You may have considered taking an afternoon drive to a local winery for lunch, a [url='521346']wine[/url] tasting and coming home with a few of your favorites bottles. There's more to wine than just a hasty swirl around the glass and an appreciative gulp, though.
These days, wineries are great venues for gatherings of all sorts: Their side businesses, which can include restaurants, gift shops and even impressive facilities for weddings, are worth more than a quick glance on your way in or out. Many wineries are attached to some of the most pampered and impressive landscapes around. Vineyards are rich in history, and they're often marvels of ingenuity, too. A wonderful blend of sightseeing and education, a tour of the wine country is worth at least a day of your time.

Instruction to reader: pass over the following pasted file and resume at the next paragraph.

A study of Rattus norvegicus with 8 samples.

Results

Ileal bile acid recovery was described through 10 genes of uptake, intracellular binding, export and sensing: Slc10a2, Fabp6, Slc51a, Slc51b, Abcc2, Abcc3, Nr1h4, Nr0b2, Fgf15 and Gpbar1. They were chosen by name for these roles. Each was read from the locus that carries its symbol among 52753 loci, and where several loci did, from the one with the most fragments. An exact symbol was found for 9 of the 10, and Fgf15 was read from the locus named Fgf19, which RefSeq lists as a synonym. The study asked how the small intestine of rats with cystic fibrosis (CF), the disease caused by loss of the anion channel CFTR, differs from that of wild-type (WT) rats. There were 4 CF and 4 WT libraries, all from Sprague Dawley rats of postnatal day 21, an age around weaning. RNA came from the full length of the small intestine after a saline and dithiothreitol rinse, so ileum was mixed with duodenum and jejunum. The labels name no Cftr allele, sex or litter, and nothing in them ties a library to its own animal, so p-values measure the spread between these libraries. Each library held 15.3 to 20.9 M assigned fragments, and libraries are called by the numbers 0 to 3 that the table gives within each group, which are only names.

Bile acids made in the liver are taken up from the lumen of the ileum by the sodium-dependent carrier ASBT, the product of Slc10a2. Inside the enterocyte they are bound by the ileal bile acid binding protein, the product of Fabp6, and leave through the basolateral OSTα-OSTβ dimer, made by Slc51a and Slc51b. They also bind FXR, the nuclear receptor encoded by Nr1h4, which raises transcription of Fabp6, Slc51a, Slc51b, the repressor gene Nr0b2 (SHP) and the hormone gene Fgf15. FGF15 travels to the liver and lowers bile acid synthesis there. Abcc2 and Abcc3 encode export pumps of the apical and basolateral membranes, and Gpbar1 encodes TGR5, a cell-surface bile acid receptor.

When you think of vineyard tours, [url='511996']Napa Valley[/url], Calif., probably comes to mind. Although it's one of the most valuable pieces of wine growing real estate in the world, it's not the only place in the U.S. where wine grapes are grown in abundance. There are vineyards and wineries in all 50 U.S. states, including Alaska and Hawaii. Many have tour programs where interested visitors can discover what type of climate favors a robust red wine over a fruity white wine -- among many other things.
But why not go all out? Instead of taking in the surrounding landscape in your sedate sedan or in a bus like a tourist, get intimate with your surroundings. Explore the vineyards like the vintners of old -- on the back of a horse. Getting back to basics is one way to participate in an authentic vineyard and winery tour experience you'll never forget.
On the next page, we'll take a look at some options and tips for local and regional wine country tours au equus (or as we city slickers like to say, "Sitting on the back of Old Paint").